Jun 01 | 2020
(Global) Uncertainty Over Production Cuts
Uncertainty ahead of the upcoming OPEC+ meeting has pushed oil prices lower as operators wait to find out if record production cuts will be extended.
The group of leading oil producing countries is expected to meet this week by video conference, with current president Algerian Energy Minister Mohamed Arkab, proposing June 4.
The group announced record production cuts in April following a ramp up earlier in the year that resulted from tensions between Saudi Arabia and Russia.
“The focus is very much on OPEC+ … We might see a cautious pullback in (crude) prices given that downstream prices haven’t caught up ... but if OPEC+ does come up with a three-month extension, there’s a possibility that prices may hit the US$40 level,” Howie Lee, OCBC economist said in comments to Reuters.
The OPEC+ group's agreement to cut output but 10 million barrels per day, has helped support oil prices, but prices have nonetheless since remained weak compared with the beginning of the year. A slight rebound from lows in the mid-US$20s per barrel occured in May, but ongoing protest in the U.S. are dampening the outlook.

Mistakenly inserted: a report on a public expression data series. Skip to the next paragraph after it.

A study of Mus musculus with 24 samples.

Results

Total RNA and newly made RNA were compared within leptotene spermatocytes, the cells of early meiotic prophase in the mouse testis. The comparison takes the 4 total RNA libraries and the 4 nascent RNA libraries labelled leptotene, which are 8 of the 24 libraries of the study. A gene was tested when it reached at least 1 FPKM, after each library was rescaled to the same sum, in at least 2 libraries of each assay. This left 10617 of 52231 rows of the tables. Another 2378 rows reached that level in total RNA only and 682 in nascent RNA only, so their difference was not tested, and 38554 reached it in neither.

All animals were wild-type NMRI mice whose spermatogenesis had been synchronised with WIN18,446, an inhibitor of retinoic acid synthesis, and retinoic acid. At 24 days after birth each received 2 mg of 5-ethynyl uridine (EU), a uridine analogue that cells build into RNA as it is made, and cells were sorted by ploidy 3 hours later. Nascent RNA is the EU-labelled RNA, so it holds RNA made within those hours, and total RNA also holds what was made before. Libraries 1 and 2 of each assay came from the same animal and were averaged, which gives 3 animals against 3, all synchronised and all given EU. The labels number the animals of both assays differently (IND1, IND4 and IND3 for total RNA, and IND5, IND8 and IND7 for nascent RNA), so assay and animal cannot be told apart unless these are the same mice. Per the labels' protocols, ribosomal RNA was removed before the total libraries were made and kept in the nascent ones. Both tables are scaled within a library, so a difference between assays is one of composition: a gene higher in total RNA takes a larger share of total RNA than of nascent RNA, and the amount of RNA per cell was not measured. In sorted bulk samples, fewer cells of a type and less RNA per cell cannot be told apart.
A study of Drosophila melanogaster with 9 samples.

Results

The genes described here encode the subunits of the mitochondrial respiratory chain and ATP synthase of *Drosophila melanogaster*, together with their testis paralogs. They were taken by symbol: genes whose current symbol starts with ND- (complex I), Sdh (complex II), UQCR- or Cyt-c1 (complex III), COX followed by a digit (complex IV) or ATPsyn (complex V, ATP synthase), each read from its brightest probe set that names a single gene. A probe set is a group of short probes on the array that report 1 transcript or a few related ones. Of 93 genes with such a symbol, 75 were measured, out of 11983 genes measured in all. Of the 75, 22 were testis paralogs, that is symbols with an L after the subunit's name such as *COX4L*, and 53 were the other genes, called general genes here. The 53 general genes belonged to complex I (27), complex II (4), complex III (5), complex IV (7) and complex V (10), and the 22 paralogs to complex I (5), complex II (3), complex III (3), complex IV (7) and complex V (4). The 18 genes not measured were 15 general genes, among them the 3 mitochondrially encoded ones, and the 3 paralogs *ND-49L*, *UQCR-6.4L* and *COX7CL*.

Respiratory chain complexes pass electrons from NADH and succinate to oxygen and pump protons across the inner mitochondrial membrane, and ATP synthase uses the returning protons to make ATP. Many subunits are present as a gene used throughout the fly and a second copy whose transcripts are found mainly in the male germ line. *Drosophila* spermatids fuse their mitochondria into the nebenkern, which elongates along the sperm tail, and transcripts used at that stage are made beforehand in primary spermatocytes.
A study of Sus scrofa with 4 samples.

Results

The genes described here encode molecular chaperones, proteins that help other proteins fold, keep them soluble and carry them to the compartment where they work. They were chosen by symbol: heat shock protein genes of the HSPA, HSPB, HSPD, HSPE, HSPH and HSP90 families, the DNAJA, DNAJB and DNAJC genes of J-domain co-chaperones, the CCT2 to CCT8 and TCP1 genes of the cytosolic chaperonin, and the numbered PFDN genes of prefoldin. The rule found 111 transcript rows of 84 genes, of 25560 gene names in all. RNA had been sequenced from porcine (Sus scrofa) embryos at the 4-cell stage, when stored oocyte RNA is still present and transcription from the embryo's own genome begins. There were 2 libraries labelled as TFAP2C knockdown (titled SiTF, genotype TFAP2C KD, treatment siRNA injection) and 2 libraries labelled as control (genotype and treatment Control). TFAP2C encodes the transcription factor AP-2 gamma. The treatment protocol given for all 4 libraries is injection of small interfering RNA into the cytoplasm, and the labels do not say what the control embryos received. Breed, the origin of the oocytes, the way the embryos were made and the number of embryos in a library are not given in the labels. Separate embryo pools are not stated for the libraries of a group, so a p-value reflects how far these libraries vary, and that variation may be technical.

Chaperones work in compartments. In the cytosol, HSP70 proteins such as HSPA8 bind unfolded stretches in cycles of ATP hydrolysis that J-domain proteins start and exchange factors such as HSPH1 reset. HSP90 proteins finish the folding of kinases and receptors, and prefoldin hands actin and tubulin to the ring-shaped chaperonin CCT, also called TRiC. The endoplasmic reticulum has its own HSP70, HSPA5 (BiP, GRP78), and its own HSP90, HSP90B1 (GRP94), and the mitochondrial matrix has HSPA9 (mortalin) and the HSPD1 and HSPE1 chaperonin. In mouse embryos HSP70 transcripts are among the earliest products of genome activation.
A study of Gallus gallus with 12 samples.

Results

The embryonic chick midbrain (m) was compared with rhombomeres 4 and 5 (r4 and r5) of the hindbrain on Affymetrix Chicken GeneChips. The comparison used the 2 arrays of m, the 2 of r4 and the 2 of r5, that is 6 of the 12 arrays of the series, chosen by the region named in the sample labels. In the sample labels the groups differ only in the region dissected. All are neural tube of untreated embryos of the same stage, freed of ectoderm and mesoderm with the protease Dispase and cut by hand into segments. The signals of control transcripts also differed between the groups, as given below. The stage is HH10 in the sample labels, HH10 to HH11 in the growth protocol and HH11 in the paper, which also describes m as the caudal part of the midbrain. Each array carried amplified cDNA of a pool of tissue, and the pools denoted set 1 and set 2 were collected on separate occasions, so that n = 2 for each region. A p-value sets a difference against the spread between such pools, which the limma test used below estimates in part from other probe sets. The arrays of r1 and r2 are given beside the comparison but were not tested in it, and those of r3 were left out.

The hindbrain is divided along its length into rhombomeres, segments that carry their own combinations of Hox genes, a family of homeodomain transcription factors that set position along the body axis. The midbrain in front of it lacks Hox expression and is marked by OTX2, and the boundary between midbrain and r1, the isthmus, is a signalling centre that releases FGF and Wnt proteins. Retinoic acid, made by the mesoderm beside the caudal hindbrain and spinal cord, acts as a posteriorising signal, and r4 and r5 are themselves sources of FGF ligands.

Breakbulk operators working in the oil and gas sector have faced growing uncertainty as energy majors have slashed capital expenditure plans and piut many investment decisions on pause, creating issues for pipelines.
Following a weak earnings season ExxonMobil said it would reduce 2020 capital spending by 30 percent while Chevron said it was further reducing its 2020 capital expenditure guidance by up to US$14 billion.
Despite weakness in the oil and gas sector, some commentators predict investment may switch to alternative energy with firms such as BP and Equinor backing ambitious spending plans, potentially creating new opportunities for breakbulk demand.
“The pandemic is creating a number of distressed sellers and reducing acquisition costs for assets and companies, thereby creating opportunities for Big Oil to accelerate its energy transition through acquisitions. And with E&P companies announcing deep spending cuts, we may yet see a ramp up in renewable investments as recent headlines suggest, facilitated by new mergers and acquisitions,” Gero Farruggio, product manager for renewables at Rystad Energy.